House Rules for Phoenix Rising
There aren’t too many special rules to begin with. I will post them here as they get added (probably because of situations that occur while playing). If you have any questions on rules that you want clarified outside of game time, send me an email and I’ll update this page. Also feel free to comment on these rules as well. I want to make sure we all have a fun time with them.
1. Item prices (mundane and magical) listed in source material are base prices only and may vary wildly. Generally, you can expect a price to be 25% higher than the base price listed for the more uncommon items and up to 50% higher or more for unusual items. This can be modified by using the conversational skills (diplomacy being the main one, intimidate may work on occasion) and by situational modifiers. For character creation, the prices are what is listed in the source material (or what’s listed on the character creation page under special pricing.
2. The Neverwinter setting as written is in the Forgotten Realms of 4th edition, which has it partially destroyed by the Spellplague. In 4th edition characters can voluntarily expose themselves to the Spellplague to gain spellscars (which is a form of multiclassing). Since Pathfinder doesn’t have anything like this, Spellscars are something no on wants to get – they are a very harmful, very magical, and very hard to get rid of disease (i.e. lycanthropy, vampirism) that will most likely end in a gruesome death. The Spellplague still does exist, but is much more dangerous and ominous.
3. Pathfinder character levels and class levels: This campaign is using a modified version of the D&D 4th Edition Tomb of Horrors as a part of the story arc. It assumes that characters can attain 30th level. While I could scale the encounters to fit within a 20 level limit, I prefer to have the last sections of the adventure reflect a truly epic conflict and what better way than to have characters of epic proportions. Besides, rewriting the infamous Acererak to be like a common Balor or Solar just doesn’t give him the proper respect that he deserves. So here are the alterations I’m implementing:
* I’m treating the 20th level cap as a class level cap only and there is no character level cap. This means that a character can reach 20th level in his/her favored class and reach 10th level in a prestige class or two, or 20th level in a second class, etc.
* We will be using the medium experience point totals for advancement.
* After 20th level, the amount of experience points needed to gain a level will be a constant 1,100,000 points per level.
4. Hit points per level after 1st level are rolled but will be at least 60% of the die. So for instance, if your hit die is a d10 – the minimum hit points you’d get is 6 even if you rolled a 1, 2, 3, 4, or 5.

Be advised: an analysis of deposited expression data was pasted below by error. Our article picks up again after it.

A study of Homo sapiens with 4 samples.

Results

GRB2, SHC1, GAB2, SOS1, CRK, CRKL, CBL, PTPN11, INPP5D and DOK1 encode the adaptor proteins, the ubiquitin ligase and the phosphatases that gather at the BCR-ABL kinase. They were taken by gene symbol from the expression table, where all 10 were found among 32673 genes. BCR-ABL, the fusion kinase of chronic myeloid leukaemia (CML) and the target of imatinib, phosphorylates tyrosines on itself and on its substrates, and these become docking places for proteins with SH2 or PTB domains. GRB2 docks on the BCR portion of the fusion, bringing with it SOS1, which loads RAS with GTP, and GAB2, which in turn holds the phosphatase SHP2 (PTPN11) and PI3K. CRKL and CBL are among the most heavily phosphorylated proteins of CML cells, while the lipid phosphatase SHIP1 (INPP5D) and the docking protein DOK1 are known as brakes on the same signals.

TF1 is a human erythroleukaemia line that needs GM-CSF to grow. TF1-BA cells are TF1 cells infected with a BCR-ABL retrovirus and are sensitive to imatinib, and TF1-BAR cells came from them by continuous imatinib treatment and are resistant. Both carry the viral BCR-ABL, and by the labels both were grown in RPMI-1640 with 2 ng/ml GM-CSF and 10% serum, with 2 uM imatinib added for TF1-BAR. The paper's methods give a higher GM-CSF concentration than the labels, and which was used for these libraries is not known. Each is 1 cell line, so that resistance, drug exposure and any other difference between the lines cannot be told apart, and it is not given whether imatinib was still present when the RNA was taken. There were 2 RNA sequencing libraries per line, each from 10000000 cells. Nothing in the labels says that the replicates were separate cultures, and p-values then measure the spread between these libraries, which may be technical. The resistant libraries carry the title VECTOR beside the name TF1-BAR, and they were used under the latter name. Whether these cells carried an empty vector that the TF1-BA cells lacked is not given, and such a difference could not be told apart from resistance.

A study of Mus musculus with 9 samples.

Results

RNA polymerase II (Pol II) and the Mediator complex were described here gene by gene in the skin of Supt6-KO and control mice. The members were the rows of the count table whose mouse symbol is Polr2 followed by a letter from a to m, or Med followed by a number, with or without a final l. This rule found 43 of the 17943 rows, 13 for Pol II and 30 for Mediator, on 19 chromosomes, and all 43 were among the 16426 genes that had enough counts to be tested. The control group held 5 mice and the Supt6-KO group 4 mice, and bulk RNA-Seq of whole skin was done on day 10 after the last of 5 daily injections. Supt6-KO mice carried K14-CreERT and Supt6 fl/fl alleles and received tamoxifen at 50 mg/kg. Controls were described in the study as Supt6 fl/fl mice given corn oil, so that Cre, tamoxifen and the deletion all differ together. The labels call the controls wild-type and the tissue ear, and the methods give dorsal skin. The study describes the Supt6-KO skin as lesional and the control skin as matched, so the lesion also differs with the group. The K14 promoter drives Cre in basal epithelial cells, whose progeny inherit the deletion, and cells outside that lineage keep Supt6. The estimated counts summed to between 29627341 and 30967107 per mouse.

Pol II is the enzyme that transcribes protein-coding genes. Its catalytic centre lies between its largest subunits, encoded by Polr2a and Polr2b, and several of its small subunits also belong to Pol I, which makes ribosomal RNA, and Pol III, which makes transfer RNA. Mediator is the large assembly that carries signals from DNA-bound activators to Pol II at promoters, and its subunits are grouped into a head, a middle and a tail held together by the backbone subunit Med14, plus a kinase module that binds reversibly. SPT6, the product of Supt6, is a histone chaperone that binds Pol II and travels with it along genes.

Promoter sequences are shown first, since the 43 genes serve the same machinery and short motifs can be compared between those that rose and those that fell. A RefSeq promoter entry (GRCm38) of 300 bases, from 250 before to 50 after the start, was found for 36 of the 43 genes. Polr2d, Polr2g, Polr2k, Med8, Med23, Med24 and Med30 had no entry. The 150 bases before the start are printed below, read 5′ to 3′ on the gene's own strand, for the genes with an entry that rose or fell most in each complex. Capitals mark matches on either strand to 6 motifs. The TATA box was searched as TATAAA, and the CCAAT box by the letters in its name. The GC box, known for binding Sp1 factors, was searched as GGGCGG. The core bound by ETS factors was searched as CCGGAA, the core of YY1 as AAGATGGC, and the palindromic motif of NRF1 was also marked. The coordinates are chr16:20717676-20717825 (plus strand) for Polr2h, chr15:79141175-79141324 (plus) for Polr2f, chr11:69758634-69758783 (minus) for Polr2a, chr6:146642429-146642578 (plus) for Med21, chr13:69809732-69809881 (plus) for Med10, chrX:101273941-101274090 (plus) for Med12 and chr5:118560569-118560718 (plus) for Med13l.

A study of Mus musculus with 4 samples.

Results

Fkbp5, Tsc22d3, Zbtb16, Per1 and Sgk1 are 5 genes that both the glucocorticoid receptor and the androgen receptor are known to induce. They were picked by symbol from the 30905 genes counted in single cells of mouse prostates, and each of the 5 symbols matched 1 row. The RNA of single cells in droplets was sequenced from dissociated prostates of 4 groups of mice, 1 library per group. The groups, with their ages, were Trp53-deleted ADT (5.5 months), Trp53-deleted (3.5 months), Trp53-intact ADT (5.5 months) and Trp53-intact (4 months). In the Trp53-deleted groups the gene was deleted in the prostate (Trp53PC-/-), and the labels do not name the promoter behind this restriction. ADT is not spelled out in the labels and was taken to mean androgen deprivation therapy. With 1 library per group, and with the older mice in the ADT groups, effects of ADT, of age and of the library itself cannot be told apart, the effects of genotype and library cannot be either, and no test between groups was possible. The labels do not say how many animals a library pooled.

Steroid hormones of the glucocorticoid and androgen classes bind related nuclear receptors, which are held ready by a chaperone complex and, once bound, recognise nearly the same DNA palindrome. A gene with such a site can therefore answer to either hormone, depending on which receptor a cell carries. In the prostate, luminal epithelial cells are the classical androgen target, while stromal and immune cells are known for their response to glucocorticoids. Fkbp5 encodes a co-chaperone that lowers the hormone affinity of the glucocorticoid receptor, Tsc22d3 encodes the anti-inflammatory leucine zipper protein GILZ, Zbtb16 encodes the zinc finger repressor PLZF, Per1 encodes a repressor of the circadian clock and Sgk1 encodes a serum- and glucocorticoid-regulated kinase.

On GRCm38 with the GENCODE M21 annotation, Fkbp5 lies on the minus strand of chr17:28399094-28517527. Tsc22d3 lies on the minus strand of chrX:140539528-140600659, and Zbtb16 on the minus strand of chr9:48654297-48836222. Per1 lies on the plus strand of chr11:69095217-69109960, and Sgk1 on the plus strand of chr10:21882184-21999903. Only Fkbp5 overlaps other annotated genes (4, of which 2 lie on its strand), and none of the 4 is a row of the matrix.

5. Critical Hits and Fumbles: Remember the days (or maybe you don’t) when a natural twenty on an attack role could mean that you just cut off the villain’s sword hand? Or when a 1 resulted in you firing your arrow into your own foot? Well I do and I’m going to bring that back to this campaign. I’ve dug out my old I.C.E. critical hits and fumble tables. I’d like to use them to add a bit of spice to the randomness of combat. Roll a 1 and automatically missing your target is ok, but leaves out the suspense of something like accidentally hitting one of your party members, or tripping and falling, or pulling a groin muscle. Likewise, it’s always great to do max damage plus the critical bonus, but it’s even better when you decapitate that monster who normally has 1,000 hit points!
* A couple of notes on this: The critical hit and fumble tables are also random events, using a d100 to come up with a result. Generally the lower the roll, the less extra stuff happens. Critical hits will still cause at least the max damage plus weapon critical bonus (a roll of 1 on the critical table results in no extra damage, while a very high roll will turn your opponent into a stain on the walls, floor, and possibly the ceiling too).
* I’ll be using those same tables when the monsters are attacking the party as well. What’s good for the goose is good for the gander as they say (although I’m not sure who “they” are).
6. Spell Critical Hits: Natural 20s rolled for ranged touch attack type spells (scorching ray, acid arrow, etc) count as a critical hit. For spells the damage and/or effect will be maximized instead of rolling on the critical hit tables.
7. Crafting Rules: Any character that has at least 1 rank in either Craft (armor) or Craft (weapons) is considered to have at least an equal amount of skill in forging mundane objects via Craft (blacksmithing) skill checks, as the manufacturing of both armor and/or weaponry is a more advanced skill. Additionally, if a character has both armor and weapon skills at differing ranks, then they use whichever is higher for their Craft (blacksmithing) skill checks. This is taken from Kevin’s post and though it hasn’t been an issue in our game yet, I wanted to include it. Here are the links to the files on Google Docs. The text is basically many pages long so I didn’t want to clutter the site up with them.
8. Leadership Feat: The Leadership feat will be required to take for anyone that wants to flesh-out their settlements, castles, temples, compounds, etc. We will be using the normal leadership feat rules to determine the level of cohorts and number and level of followers. The only difference will be that no cohort will be coming along on adventures with the rest of the PCs; we simply have too many PCs to supplement you guys with NPC cohorts. Until the leadership feat is taken, any settlements, etc. will remain nebulous and something that we just refer to on occasion in passing. For the cohorts, pleases decide what race, sex, and class you would like him/her to be. I will create the cohort and equip them.